It is expected that the Republican Party will take control of the House of Representatives against the ruling Democratic Party as a result of the U.S. midterm elections, which took place on Tuesday. The Senate races in contested districts are too close to call. The Republican Party, criticizing the Joe Biden administration’s economic policies, took over the House of Representatives and is also eyeing to take control of the Senate after two years.
The Republican Party has been making public announcements that it would revise the domestic and foreign policies of the Biden administration, including its fiscal, energy, and trade policies, once it recovers the majority party position. The Biden administration’s policies are likely to be readjusted by revising critical bills, which can have an expanded impact on South Korea and other countries.
First of all, the U.S. will be further focused on the ‘America Frist’ policy. The Republican Party pledged to strengthen the country’s manufacturing industry and secure the supply chain to reinforce the country’s economy. The ‘American First’ stance was already clear even under the Biden administration, which was making efforts to strengthen solidarity with its allies, as the administration legislated the CHIPS and Science Act and Inflation Reduction Act. If the Republican Party returns to protectionism, which was the stance of the Donald Trump administration, such a stance of the U.S. will be further strengthened.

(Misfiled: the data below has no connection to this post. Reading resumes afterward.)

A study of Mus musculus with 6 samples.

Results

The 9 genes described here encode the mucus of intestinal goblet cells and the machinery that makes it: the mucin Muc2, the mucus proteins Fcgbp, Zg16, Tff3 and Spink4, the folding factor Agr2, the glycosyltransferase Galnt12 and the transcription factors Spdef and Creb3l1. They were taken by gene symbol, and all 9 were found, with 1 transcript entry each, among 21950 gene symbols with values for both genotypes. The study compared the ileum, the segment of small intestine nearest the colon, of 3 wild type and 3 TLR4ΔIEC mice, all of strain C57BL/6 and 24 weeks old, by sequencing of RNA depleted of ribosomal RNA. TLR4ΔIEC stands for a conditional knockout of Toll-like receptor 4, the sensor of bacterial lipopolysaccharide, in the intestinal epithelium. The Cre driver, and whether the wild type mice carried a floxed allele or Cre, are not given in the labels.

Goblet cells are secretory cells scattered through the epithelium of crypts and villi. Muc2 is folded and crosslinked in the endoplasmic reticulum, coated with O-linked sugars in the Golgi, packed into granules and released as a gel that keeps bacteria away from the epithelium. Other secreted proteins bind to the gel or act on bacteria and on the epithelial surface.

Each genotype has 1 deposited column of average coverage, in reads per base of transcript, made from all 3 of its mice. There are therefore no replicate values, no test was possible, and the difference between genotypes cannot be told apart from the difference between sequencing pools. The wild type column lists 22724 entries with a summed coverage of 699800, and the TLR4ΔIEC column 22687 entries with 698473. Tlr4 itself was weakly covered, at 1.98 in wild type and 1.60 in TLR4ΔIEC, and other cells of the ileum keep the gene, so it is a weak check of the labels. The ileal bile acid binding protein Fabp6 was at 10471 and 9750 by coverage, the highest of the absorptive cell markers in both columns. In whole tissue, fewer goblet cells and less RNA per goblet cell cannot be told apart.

The tensions between the U.S. and China are likely to be exacerbated. The Republican Party forewarned that it would put forward response measures against China through a dedicated committee within the Congress by saying that the U.S.’s dependence on China is dangerously high. A series of bills to strengthen regulations on export to, import from and investment in China were proposed. China, which confirmed that its President Xi Jinping would continue onto his third term in office, will also actively respond to the U.S.’s policies to keep the country in check.
There is less room for the Biden administration to address external challenges, such as denuclearization negotiations with North Korea, as domestic issues have become more urgent in the face of the Republican Party’s attack. Finding solutions for the North Korean issue through the U.S. became more difficult. As the hard-liners of the Republican Party have a bigger voice now, it cannot be excluded the possibility that alliance issues between South Korea and the U.S., such as increasing South Korea’s share of military defense expenses, may resurface again.
South Korea should closely analyze the changes and impact caused by the midterm elections in U.S. politics and be thoroughly prepared. The U.S. may put more significant pressure on South Korea in terms of its participation in policies to keep China in check and trade. The South Korean government’s foreign policies, which have been focusing on strengthening the alliance between South Korea and the U.S., are facing criticism that they were betrayed by the U.S. as the U.S. adopted the Inflation Reduction Act. Without simultaneous efforts to strengthen bilateral security cooperation and refine the economic and security policies regarding the U.S., the bilateral relationship can be easily shaken.